I managed to successfully replace branches of Google and Microsoft monopolies for personal use: for mail, for search, for browsing (desktop & mobile), and Murena + /e/ + Fairphone for smartphones. These migrations were mostly painless.

I'm still stuck with others though: 🧵

2⃣ Google Maps: Now juggling + Citymapper + waze (the latter owned by Alphabet anyway). Organic Maps is still a big lacking & buggy: many UX issues, navigation a bit choppy

data is awesome but I miss the restaurant reviews available on GMaps nonetheless.

3⃣ GitHub: I could migrate my projects over to @codeberg or at any time, but I foresee friction for new contributors, lack of cross-references with dependencies already on GH, and in general less visibility of my open source work. Network effects all the way down.

I believe the solution we need to address these pain points is to have more successful Commercial Open Source companies. But (1) they have to offer an excellent UX/DX and (2) we need to embrace paying money for useful services, since operation costs are never free.

@astrojuanlu I agree with you on both points. 1) becomes more achievable when there is sufficient funding for dev work, which is more likely with 2) is in place. The platform cooperative movement is actively working on addressing both points.

#PlatformCooperativism #PlatformCooperatives

@strypey Indeed! I'm a big believer in cooperatives to achieve this. Although at the moment (commercial open-source, usually vc-backed) is leading the way.

@astrojuanlu does this right as it doesn't require an account to contribute, only an email! The visibility point is still an issue, sadly.

@astrojuanlu @codeberg
This is a problem that I have as well! The network effects and the low barriers of entrance for new contributors (at least for those who already have a Github account) are really valuable.

For this problem I hope that some "federated Git" system will help. Apparently there is development under way e.g. for Gitea: , so there is hope.

@ollibaba @codeberg Yep, I have high hopes on that as well (subscribed to a bunch of issues to track progress)!

@astrojuanlu try Magic Earth for maps. Navigation is good, there are good voices in several languages, it uses open street map data, and visually, the default is better than osmand and organic maps (the latter two are highly customizable, though). Its not open source, but they appear to be privacy centric.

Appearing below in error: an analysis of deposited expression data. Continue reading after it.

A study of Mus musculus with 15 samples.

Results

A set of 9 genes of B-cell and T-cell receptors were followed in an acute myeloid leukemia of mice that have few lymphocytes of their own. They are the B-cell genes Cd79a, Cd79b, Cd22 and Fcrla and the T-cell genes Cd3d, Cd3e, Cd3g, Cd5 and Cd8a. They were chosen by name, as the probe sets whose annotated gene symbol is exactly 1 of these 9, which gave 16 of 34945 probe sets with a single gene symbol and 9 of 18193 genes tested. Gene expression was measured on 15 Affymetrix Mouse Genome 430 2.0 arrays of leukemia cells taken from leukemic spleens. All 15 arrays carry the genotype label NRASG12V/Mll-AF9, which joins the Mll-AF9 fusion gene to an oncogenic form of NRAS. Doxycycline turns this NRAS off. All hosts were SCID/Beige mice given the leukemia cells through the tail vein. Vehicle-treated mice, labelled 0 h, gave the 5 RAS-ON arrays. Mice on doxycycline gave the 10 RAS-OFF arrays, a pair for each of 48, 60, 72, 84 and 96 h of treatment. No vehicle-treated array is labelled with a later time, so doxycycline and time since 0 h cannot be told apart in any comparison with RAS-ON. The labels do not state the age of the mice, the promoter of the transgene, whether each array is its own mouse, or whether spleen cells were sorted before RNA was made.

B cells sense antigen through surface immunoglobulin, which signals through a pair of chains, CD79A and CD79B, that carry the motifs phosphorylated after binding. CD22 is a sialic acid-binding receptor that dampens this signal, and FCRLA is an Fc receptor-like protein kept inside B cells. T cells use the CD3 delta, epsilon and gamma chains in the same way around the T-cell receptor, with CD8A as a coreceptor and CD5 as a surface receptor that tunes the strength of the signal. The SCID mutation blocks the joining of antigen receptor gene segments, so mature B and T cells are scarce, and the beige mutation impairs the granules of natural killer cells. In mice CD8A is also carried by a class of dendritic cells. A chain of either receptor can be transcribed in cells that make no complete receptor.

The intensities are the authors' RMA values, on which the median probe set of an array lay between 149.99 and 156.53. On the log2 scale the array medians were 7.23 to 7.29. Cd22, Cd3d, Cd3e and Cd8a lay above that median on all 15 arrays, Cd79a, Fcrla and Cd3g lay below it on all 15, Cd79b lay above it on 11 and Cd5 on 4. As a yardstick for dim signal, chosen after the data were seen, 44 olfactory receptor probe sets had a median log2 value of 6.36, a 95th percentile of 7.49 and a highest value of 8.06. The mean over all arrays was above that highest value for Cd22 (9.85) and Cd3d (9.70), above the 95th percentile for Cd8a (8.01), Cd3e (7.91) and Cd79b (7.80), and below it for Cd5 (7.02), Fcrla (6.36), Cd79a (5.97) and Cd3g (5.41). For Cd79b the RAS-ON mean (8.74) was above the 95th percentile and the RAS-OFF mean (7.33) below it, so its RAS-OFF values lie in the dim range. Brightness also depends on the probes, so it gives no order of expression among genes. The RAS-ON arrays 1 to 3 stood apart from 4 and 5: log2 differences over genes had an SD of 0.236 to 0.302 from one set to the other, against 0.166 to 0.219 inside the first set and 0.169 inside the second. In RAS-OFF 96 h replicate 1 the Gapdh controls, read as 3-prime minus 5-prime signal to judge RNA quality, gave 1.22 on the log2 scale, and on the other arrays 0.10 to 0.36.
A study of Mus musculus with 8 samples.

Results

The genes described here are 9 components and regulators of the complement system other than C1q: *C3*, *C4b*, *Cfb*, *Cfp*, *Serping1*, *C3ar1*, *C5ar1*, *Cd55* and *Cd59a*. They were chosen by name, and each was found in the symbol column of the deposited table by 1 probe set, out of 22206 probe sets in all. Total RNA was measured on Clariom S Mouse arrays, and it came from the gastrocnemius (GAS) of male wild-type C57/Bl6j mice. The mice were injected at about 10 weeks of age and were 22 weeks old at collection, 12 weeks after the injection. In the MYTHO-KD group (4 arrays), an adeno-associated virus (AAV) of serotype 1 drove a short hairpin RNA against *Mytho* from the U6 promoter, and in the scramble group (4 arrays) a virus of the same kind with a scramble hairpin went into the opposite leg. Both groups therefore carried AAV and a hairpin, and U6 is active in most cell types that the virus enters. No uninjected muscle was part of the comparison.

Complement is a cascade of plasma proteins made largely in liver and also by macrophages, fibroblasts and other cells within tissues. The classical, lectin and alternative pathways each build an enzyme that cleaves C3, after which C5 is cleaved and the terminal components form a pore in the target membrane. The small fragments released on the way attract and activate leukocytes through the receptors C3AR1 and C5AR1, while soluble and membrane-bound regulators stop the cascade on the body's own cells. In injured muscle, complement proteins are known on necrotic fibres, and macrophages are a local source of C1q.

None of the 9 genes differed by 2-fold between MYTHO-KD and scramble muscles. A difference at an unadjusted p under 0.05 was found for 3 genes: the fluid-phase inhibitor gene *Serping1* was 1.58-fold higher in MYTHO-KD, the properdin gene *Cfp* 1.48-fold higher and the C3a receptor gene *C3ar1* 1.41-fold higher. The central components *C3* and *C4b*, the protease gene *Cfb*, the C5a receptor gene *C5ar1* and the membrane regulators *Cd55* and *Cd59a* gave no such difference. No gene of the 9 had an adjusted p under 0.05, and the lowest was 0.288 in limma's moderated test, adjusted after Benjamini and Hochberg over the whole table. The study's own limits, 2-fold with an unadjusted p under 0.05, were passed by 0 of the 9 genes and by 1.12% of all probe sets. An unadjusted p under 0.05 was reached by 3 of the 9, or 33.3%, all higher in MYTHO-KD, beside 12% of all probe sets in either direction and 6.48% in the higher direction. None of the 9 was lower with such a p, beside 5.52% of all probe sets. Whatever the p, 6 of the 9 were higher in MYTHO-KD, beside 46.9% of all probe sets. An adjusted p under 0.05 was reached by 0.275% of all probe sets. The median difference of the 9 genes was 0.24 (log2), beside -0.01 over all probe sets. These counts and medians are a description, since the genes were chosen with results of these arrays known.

@mrak Thanks a lot for the recommendation, it looks really good. I'll definitely give it a go!

@astrojuanlu For CalDAV I'm quite happy with Thunderbird on the PC, and with DAVx⁵ ( + Etar ( on Android. Both solutions also support notifications.

(not sure if you were actually looking for comments on your concrete obstacles - feel free to ignore my unsolicited advice :)

@ollibaba Thanks for chiming in! I'm not happy with Thunderbird though, every time I try it it sets my CPUs on fire

@astrojuanlu The single place where I can't get rid of google(I still didn't start to do it) will be the smartphone brand(I mean the device, not Android). Good luck.

@astrojuanlu Thanks for sharing :)

My one warning would be Hey. It’s got major lock-in (it’s a proprietary wrapper around open email). Written as someone who is now facing the painful migration path from Hey back to Fastmail when I can be bothered to undertake it.

@aral Thanks for chiming in @aral! For the moment I trust them, and I highly value their UI/UX focus. But you're right that they have lock-in, and as @markusl pointed out in another reply, emails are not encrypted at rest.

@astrojuanlu One thing that puts me off Hey for email is that their servers are based in the US and email isn't encrypted at rest. So it's open season for whichever branch of the US government decides it'd like to have a nosey round.

@DarkWraithLord Why not, but also I don't need it, since email is one of the (few) things I figured out. I love Hey dot com, to be honest I don't think I'm going back.